Not a week goes by that our newsroom doesn’t receive a press release from state Assemblywoman Michelle Schimel. Whether she is honoring a Boy Scout or Girl Scout or explaining her position on hydrofracking or the microstamping of guns, Schimel actively courts media attention.
But the legislator who is now in her third term representing Great Neck in Albany does not always enjoy the attention. At a meeting of the Great Neck Village Officials Assocation last week, Schimel said she found out what it was like to be an “elected official on the run.” It was “the worst of times,” she said, “a traumatic experience.”
“That was a frightening time and I don’t wish it on anyone,” she said. “I hope everyone never has to go through those three days. It was really traumatic for my children, for myself.”
Schimel was referring to what she described as a terrifying “three days in May” that started when her estranged husband Mark Schimel announced that he would seek the Republican nomination to run against her in November’s general election. On May 14, citing pressure from members of the media, Mark decided to leave the race.
About one year ago the couple that had been married for 32 years announced that they were estranged. Schimel said her estranged husband’s decision to run against her sparked a national media frenzy.
That’s a little bit of an exaggeration. However the battling Schimels did merit a story on the Huffington Post, a four-paragraph mention in the Daily News and a clip in which CBS 2’s Jennifer McLogan attempted to interview Michelle Schimel as she backed her car out of her driveway. She was also beseiged for a a few days by the media in Albany.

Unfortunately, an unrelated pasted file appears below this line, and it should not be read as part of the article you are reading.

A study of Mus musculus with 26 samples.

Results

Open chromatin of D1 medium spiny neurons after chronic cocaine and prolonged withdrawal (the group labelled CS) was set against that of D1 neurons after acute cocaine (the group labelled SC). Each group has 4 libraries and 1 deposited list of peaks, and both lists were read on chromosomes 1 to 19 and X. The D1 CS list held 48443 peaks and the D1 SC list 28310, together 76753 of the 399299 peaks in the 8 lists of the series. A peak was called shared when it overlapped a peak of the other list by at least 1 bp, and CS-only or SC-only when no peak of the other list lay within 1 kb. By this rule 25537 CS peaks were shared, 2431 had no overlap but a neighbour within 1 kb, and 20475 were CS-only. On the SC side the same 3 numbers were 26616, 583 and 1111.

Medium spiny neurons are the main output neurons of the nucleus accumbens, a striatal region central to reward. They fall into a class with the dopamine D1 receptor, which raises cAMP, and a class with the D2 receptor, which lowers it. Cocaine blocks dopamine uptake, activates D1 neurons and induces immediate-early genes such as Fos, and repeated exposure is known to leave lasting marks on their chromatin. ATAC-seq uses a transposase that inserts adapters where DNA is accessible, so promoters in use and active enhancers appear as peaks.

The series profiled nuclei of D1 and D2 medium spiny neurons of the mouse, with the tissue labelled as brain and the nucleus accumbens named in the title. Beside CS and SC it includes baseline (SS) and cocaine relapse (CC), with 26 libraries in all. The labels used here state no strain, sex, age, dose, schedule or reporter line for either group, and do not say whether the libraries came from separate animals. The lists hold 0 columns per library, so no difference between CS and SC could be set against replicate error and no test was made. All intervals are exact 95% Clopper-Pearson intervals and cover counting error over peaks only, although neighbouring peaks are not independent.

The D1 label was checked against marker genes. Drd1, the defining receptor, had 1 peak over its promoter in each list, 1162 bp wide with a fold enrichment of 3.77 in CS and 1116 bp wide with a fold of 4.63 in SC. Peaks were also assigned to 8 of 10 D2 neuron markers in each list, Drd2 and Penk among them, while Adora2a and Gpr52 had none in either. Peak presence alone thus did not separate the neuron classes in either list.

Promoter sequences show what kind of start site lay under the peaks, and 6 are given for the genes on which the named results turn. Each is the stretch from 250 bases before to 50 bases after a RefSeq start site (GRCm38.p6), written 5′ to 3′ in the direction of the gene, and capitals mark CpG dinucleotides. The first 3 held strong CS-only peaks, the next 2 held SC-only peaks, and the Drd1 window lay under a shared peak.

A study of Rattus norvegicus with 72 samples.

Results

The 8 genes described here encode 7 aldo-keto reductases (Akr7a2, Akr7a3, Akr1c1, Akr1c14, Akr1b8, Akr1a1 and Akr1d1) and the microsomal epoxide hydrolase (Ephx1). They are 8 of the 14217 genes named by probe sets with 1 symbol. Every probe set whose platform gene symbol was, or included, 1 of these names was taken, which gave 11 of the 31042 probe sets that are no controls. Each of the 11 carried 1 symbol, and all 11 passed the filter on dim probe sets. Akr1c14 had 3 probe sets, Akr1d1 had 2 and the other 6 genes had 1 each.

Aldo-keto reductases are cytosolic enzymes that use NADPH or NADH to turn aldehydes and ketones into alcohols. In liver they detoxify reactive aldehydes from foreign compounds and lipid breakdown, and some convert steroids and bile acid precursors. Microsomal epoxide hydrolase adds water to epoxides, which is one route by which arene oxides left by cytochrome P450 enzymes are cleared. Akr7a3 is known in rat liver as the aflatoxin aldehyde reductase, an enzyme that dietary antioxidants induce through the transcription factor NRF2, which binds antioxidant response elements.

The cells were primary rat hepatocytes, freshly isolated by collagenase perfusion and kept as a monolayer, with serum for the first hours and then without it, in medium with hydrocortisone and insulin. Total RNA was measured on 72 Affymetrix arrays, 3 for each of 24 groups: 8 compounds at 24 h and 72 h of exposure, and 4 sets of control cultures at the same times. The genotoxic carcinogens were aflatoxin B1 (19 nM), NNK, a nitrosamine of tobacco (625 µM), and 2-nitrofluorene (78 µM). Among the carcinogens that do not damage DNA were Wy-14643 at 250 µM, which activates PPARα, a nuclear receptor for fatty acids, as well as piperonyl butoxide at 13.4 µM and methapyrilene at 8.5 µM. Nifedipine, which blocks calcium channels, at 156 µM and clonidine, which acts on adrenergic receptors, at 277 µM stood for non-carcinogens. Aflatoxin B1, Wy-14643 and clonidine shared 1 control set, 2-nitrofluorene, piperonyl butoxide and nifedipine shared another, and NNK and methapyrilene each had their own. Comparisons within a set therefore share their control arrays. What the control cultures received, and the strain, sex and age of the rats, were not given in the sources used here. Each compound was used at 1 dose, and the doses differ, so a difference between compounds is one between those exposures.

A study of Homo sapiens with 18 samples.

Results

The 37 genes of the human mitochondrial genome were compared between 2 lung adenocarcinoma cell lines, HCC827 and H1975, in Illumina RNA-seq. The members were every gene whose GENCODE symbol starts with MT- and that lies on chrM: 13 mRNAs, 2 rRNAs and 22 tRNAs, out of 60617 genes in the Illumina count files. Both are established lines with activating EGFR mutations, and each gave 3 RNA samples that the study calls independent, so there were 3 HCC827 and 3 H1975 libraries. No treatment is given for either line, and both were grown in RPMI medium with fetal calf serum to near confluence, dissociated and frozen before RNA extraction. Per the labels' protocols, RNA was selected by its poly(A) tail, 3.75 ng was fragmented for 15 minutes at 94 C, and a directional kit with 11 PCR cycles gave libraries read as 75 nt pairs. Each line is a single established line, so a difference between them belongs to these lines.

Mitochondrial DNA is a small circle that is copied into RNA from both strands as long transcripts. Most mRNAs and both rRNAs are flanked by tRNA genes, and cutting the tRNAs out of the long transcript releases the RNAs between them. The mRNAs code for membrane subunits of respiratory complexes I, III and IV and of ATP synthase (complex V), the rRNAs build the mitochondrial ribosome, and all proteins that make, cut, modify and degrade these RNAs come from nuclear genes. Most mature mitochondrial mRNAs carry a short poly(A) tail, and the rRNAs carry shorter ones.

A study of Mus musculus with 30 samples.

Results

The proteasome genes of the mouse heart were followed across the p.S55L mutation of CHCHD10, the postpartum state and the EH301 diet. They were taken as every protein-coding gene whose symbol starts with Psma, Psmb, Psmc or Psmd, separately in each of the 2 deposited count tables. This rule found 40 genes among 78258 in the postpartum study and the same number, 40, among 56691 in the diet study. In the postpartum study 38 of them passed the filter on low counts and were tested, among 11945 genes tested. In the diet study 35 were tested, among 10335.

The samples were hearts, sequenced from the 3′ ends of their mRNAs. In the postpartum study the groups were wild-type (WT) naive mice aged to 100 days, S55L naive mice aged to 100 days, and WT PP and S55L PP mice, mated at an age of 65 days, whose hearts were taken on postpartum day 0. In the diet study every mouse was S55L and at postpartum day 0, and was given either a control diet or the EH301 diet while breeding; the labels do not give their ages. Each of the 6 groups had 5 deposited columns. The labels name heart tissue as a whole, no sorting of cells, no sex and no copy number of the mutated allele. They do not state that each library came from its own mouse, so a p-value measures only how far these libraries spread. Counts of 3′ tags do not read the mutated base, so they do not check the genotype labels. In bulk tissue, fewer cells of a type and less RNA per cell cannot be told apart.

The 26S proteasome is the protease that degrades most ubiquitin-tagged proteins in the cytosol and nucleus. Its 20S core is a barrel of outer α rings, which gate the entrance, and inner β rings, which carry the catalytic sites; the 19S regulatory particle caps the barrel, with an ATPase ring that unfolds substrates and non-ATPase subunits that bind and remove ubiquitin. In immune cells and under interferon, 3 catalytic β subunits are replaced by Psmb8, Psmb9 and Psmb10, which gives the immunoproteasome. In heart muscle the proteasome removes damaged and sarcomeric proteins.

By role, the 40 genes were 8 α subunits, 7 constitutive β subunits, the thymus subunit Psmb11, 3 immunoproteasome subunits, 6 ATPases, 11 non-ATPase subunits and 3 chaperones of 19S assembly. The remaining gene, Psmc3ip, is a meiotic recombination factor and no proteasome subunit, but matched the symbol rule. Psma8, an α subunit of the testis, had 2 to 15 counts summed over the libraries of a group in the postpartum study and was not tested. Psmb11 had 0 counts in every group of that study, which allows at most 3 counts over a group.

The media coverage has been “horrible,” she said. “You know that I had a guard. Once I finally got to Albany, I could not go to the bathroom myself.”
Michelle Schimel should accept the fact that she became a public figure when she first ran for elected office. The fact that her husband of 32 years was running against her was a legitimate news story. But she is not Joey Buttafuocco and this is not Watergate and we are pretty sure she can go to the ladies room any time she likes.
Schimel has put herself on the frontline on some very important issues, including hydrofracking – a controversial approach to mining for natural gas that critics say could threaten the Long Island Sound – and microstamping – the use of laser technology to engrave a microscopic marking onto the tip of the firing pin and breech face of a firearm. Because of her positions, she has drawn heated opposition from the energy and gun lobbies, including the NRA.
She has shown courage in these battles, but she appeared a little silly when she tried to hide from the press after her estranged husband entered politics.